Sometimes those whom we don’t warm to at first meeting become more engaging upon second meeting. (Think back to your dating days.) But if you and your wife feel as strongly as you seem to, let your rabbi know immediately. Be diplomatic. Without badmouthing the other couple, be up front with your rabbi. Is there is another committee you might co-chair with others s/he might have in mind? Be prompt so that time isn’t wasted moving forward. For all you know, the other couple might have felt as you and your wife do, and they have already voiced similar misgivings.
Our daughter, who lives out of state, recently met a young man on JDate. She is smitten. I can’t seem to get past his lack of manners to see what she sees in him. They have visited three times now. Not once has he brought a house gift, offered to clear dishes after a meal or written a thank-you note after his stay. It’s like he grew up under a rock. I mentioned this to my daughter once or twice, but I don’t want to harp on this. He seems like a nice enough guy, but his lack of social graces really grates on me.
Alas, adherence to social graces has too often gone the way of white gloves and sterling silver calling card trays. Your daughter’s young man might have grown up under a rock, or he may have grown up in a home where these things weren’t taught for any number of reasons.
But now, it’s time to focus on the present and the future. If you’ve already mentioned this to your daughter (was it really once or twice and not thrice or more?), it’s going to be up to her to teach her young man by example, not by harping or denigrating.
Next time, if it is crucial to you that you receive a house gift, maybe your daughter can pick something up on their way over as a gift from them both. Instead of fuming and waiting for him to help clear the table, hand him a plate or two and say, “Hey there, Boyfriend, would you take these into the kitchen for me?” Or hand him a dish towel and say cheerfully, “I’ll wash; you dry.” That would give you both an opportunity to begin to get to know one another.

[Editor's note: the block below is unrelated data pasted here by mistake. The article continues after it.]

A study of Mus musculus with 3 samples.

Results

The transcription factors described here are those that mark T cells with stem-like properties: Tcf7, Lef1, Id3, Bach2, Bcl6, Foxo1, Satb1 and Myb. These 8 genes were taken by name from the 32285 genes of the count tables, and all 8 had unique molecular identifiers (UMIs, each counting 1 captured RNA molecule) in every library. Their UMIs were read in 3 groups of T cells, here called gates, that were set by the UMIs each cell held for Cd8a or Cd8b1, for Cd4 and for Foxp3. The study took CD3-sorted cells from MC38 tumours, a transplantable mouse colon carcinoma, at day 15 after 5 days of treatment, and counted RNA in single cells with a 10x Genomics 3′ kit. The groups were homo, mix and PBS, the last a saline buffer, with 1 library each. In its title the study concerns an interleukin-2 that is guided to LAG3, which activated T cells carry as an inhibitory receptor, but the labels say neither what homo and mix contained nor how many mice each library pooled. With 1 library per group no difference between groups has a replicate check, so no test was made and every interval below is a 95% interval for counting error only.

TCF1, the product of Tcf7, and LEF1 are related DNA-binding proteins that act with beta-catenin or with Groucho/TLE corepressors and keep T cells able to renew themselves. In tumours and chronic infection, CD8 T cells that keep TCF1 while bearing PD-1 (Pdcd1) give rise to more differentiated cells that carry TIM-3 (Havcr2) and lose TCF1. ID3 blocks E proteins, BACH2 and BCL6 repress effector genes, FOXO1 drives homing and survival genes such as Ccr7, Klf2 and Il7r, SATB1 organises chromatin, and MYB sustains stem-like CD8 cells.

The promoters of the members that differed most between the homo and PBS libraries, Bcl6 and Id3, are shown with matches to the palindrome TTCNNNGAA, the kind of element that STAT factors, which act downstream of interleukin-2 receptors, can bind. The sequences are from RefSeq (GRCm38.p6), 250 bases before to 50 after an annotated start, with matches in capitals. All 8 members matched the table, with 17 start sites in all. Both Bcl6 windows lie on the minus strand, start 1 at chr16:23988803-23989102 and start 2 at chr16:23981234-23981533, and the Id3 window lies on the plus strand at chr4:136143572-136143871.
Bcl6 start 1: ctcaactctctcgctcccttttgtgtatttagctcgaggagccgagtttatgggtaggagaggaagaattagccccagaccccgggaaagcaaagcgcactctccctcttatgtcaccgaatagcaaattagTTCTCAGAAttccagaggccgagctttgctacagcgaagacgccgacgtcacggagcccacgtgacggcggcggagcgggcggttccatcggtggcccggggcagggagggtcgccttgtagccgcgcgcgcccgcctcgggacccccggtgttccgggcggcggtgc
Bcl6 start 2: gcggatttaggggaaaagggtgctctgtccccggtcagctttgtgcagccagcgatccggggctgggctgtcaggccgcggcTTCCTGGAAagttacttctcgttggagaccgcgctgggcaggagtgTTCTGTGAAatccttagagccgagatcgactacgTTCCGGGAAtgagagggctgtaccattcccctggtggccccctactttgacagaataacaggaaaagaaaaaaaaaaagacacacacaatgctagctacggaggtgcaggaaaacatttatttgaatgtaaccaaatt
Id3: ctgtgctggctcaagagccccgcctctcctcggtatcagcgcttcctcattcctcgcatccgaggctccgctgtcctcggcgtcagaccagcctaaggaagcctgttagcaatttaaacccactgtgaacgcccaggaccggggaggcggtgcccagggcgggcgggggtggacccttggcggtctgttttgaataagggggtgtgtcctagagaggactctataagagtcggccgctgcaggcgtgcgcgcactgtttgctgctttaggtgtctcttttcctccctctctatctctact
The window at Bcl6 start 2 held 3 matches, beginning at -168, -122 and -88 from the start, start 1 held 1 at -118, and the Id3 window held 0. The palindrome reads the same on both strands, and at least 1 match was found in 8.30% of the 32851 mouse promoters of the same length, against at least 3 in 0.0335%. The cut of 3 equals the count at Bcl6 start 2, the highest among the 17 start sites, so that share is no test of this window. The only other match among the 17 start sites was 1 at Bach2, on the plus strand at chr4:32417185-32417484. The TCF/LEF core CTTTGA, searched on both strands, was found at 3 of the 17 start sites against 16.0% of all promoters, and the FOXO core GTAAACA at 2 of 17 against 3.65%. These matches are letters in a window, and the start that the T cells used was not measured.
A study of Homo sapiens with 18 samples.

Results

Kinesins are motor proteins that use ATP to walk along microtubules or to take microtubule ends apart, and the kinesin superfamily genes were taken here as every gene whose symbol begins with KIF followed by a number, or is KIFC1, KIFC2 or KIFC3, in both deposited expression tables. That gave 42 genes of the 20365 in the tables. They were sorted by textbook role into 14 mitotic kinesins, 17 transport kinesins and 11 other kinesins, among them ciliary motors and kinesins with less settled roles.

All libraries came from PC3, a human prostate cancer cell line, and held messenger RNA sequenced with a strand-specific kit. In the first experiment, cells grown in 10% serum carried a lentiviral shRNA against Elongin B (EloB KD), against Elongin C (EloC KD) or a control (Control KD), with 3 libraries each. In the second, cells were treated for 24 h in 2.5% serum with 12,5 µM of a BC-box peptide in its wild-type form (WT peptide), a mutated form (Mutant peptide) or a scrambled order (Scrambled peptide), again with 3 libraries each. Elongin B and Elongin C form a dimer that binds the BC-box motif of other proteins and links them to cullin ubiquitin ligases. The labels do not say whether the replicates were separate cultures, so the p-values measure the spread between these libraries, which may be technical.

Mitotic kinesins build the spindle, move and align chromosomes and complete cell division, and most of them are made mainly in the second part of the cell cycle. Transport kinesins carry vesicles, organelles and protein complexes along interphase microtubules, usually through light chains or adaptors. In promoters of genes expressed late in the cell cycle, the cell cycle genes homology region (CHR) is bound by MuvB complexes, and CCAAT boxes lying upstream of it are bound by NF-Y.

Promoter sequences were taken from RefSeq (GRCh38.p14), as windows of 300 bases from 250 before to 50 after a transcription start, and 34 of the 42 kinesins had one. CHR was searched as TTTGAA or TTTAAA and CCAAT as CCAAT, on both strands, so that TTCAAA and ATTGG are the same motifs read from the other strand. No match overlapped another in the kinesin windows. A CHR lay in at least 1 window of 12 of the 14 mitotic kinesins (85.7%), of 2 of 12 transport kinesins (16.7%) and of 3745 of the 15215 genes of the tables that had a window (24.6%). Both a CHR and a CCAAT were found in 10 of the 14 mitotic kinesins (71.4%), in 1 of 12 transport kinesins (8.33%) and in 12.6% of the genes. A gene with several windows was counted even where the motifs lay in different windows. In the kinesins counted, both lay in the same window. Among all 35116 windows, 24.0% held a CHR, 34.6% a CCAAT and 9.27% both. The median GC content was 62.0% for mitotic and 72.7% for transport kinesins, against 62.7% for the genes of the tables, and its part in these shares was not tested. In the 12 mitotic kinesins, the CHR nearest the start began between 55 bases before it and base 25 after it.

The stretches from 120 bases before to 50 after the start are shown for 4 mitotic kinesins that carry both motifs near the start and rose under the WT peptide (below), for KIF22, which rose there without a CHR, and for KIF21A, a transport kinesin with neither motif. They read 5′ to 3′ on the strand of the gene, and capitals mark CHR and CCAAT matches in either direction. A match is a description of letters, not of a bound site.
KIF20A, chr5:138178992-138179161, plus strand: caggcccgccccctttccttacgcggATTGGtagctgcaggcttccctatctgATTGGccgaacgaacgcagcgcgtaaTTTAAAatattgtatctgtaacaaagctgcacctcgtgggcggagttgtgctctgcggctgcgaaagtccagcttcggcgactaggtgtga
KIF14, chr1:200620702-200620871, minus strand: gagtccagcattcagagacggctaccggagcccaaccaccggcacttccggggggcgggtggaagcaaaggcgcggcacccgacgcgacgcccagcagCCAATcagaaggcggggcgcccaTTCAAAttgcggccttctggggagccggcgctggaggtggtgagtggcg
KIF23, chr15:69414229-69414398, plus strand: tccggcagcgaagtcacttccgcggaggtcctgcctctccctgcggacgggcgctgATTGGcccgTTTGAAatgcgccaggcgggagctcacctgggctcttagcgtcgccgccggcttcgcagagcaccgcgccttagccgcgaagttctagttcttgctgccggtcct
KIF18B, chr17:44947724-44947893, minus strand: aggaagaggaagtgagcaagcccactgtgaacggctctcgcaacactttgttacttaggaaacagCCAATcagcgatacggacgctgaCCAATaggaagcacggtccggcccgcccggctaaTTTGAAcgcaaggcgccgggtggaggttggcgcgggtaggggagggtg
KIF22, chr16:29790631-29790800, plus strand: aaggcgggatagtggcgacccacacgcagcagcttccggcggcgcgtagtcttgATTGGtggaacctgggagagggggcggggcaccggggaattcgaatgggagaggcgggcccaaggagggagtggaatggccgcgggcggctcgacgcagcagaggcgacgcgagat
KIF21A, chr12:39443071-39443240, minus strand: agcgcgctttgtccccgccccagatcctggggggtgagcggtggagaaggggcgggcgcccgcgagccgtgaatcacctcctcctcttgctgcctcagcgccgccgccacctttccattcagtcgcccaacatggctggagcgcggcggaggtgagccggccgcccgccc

Be welcoming and try to see beyond these shortcomings. Social graces can be learned. Instead of focusing on what he doesn’t have, stay attuned for good qualities your daughter sees in him. What he lacks may be more than made up for by what he brings to the table, cleared or not.
Last month, I invited readers to help advise a young wife how to handle attending baby namings and britot (plural of bris) when she and her husband haven’t been able to conceive. I received two responses along the same theme and have combined their perspectives below.
When I read the young woman’s letter to you, I thought back to the seven long years my husband and I tried to conceive. Our friends, like hers, were having their first, second and even third children.
As you might imagine, there were plenty of britot and showers we were invited to and I felt like your letter writer — ambivalent about going to a celebration that pointed up so painfully our ongoing losses.
Ultimately, we decided that sharing our friends’ joy took precedence because one day we would be the ones having a bris or a baby naming. It was hard but grew a bit easier over time. My husband and I had one another’s backs — helping each other to focus on our friends’ joy and not our sadness. This approach didn’t help us conceive any sooner, but it did force us to look outward instead of inward at a time when continually focusing on our losses made joy that much harder to grasp.
I wish them well.
Debra Darvick shares her unique take on life, books and more at debradarvick.com.